Slaps shots rebound off side boards as pucks carefully aimed by youths go astray. Decked out in a multitude of pads, roller hockey skates and over-sized jerseys, players swarm across the rink like small bands of angry hornets honing in on their target — a small black puck. Parents stand along the fence, cheering, as their children weave in and out of other players, looking for the next pass or an open shot on the goal. This is the youth Asheville Inline Hockey League.
What started as a small group of youths back in the ’90s has evolved into a vibrant league, with around 100 players signing up each spring and fall. The arrival of the Asheville Smoke, an United Hockey League team, arguably had an influence on the creation of the youth league, which “officially” began in the parking lot of the Salvation Army on the west side of town almost 17 years ago.
While the Asheville Smoke has since dissipated, the Asheville Inline Hockey League has grown stronger. In 2001, the league moved to an outdoor hockey rink at Carrier Park on Amboy Road and has held weekly practices and games there ever since.
“My favorite thing about it [the league] is the community aspect,” says Marjorie Maginnis, whose son has been a part of the league for the past six seasons. “We all root for everybody; it is really inclusive and the kids have a really great time.”
The spring and fall months offer youth organized team play, with summer months dedicated to free clinics for those interested in learning more about hockey or honing their skills.
The summer clinics are open to kids aged 11 and younger. The session consists of a 7-10 week program, with clinics taking place Tuesdays from 6:30-8 p.m., starting on June 16 and ending on Aug. 11.
“The purpose for the clinics is to introduce new players to the sport — though, current players are welcome to come out too,” says Bob Clausen, youth commissioner for the Asheville Inline Hockey League.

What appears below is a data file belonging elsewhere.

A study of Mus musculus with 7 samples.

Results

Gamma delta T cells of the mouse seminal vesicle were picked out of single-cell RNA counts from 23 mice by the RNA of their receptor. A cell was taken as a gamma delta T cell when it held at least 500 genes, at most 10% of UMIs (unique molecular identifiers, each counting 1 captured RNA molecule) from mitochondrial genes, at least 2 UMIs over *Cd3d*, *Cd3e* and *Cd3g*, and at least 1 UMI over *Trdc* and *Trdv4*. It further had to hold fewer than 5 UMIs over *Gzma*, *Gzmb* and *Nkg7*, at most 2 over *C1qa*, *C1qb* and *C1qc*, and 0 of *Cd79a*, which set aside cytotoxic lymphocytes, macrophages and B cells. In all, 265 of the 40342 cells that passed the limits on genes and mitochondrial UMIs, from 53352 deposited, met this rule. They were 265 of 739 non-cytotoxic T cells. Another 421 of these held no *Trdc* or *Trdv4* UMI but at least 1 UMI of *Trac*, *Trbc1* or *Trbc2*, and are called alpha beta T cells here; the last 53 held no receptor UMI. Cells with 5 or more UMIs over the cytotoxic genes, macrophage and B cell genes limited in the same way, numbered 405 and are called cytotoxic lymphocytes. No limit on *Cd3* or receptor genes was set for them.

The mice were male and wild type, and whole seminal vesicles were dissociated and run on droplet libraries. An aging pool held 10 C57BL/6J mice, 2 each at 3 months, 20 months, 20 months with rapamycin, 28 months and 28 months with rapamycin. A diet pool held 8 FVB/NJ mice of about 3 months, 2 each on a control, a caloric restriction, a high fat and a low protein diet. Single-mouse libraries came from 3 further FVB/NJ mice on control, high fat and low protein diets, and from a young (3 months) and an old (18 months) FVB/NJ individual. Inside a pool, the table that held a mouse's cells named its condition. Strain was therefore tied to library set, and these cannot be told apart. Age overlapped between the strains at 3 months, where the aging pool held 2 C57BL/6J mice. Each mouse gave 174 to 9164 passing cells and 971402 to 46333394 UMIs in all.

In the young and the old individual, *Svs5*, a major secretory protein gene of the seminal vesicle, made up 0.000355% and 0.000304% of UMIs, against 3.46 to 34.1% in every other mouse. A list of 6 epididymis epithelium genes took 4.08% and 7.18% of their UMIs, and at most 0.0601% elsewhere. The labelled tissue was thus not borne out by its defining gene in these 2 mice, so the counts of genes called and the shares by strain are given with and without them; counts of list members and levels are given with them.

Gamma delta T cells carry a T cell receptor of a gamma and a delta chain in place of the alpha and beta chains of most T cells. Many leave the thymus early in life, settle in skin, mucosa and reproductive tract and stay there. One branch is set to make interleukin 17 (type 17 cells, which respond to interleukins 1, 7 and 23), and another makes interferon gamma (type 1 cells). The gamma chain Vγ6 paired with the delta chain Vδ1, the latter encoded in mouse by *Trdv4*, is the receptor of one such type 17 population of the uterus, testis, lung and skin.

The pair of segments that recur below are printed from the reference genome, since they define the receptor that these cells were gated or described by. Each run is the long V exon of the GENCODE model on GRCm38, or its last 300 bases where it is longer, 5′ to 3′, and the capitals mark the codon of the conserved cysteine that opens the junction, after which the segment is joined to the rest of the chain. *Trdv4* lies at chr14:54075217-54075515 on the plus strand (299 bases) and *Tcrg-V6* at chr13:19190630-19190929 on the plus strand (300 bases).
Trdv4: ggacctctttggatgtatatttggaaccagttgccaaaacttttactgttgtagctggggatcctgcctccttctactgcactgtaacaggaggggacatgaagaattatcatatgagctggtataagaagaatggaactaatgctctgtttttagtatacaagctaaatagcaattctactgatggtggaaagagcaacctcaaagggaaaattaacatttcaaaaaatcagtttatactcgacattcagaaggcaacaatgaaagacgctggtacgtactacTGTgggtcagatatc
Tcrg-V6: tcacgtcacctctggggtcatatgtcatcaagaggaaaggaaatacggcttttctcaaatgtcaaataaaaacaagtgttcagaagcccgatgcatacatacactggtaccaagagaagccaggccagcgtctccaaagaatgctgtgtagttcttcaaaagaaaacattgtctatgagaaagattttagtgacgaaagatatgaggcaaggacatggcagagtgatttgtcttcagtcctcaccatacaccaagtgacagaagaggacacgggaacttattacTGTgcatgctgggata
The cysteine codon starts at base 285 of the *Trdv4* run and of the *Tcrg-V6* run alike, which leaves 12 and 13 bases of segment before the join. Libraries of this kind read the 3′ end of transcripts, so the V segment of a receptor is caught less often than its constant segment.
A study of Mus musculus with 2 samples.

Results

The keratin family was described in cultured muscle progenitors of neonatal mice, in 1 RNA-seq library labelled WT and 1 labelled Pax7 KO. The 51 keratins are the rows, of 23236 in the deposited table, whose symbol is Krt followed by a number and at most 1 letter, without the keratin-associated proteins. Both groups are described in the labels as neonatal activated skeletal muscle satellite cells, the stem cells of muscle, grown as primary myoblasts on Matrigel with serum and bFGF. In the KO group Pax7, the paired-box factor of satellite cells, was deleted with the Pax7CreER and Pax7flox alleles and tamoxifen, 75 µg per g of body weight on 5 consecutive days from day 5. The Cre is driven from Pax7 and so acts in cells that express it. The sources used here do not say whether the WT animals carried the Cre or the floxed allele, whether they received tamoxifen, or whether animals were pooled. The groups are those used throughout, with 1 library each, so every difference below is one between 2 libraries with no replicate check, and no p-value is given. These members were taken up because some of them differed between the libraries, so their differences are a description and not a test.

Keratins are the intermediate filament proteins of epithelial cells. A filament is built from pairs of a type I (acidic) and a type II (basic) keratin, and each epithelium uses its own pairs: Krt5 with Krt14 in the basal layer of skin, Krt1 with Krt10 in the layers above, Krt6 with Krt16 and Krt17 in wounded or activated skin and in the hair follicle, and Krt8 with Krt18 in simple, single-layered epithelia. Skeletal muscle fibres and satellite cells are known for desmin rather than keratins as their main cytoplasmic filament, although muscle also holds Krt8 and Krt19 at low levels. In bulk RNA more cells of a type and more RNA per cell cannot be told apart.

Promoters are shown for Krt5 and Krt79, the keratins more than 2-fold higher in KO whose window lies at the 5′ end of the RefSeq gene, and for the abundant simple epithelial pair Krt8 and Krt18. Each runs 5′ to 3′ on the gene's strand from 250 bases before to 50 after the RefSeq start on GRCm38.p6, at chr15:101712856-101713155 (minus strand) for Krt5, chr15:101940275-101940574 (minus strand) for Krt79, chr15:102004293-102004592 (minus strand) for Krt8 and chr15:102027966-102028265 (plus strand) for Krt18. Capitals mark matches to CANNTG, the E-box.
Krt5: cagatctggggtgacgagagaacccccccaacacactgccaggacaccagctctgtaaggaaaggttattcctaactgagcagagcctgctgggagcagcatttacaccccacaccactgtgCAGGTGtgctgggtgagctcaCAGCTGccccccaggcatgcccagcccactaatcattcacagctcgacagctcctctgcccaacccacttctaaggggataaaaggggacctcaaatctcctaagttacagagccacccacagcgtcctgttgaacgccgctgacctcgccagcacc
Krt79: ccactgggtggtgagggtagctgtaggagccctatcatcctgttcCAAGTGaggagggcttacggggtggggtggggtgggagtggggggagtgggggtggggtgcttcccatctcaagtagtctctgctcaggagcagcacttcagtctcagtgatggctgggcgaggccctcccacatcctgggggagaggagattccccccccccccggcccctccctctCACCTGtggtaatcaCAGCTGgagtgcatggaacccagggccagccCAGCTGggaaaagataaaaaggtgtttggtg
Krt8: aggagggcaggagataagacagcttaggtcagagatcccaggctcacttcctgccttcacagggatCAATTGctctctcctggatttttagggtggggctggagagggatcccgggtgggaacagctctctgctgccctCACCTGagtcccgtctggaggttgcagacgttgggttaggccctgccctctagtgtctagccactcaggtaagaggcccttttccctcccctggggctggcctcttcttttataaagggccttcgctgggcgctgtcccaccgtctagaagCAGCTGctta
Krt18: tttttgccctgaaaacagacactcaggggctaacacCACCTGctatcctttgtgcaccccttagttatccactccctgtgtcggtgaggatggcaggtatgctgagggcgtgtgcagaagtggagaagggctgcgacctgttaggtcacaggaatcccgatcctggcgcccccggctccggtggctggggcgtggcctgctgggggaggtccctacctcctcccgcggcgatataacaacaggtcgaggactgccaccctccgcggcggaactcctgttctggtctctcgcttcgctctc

Knowing how to skate or even how to play hockey are not prerequisites. The clinics teach participants the basics of hockey, how to skate and coordination and teamwork strategies, Clausen says.
Maginnis says when her son, Dylan, started with the league he had never been on inline skates and had never played hockey.
“The league meets kids where they are — everyone gets to play,” she says.
Interested participants are invited to come and check out the sport this summer with no commitment required.
“We have equipment that kids are going to be able to borrow for the summer clinics — skates included,” Clausen says.
While the clinics are free, participants are required to obtain Amateur Athletic Union insurance, which costs about $14.
The league is actively looking for youth equipment donations for these sessions.
The fall hockey season starts with evaluations on Aug. 29. Youths aged 5 and up are eligible to play, with teams separated by age group. Four-year-olds are welcome to join as well and go through a learn-to-skate program before they are integrated in with the rest of the league.
Cost to play in the fall league is about $100. This includes the league fee, the city park fee and the AAU insurance, Clausen notes.
The Asheville Hockey League offers a few scholarships to new players on a case-by-case basis. The scholarship covers league participation fees for the season or provides new players with the equipment they need to get started (excluding skates).
The Asheville Inline Hockey League, which is a nonprofit organization, also has multiple adult leagues.
For more information, visit www.ashevillehockey.org, or email Bob Clausen at email@example.com.
Note: The author of this post has ties to the Asheville Inline Hockey League: Her son plays in the league.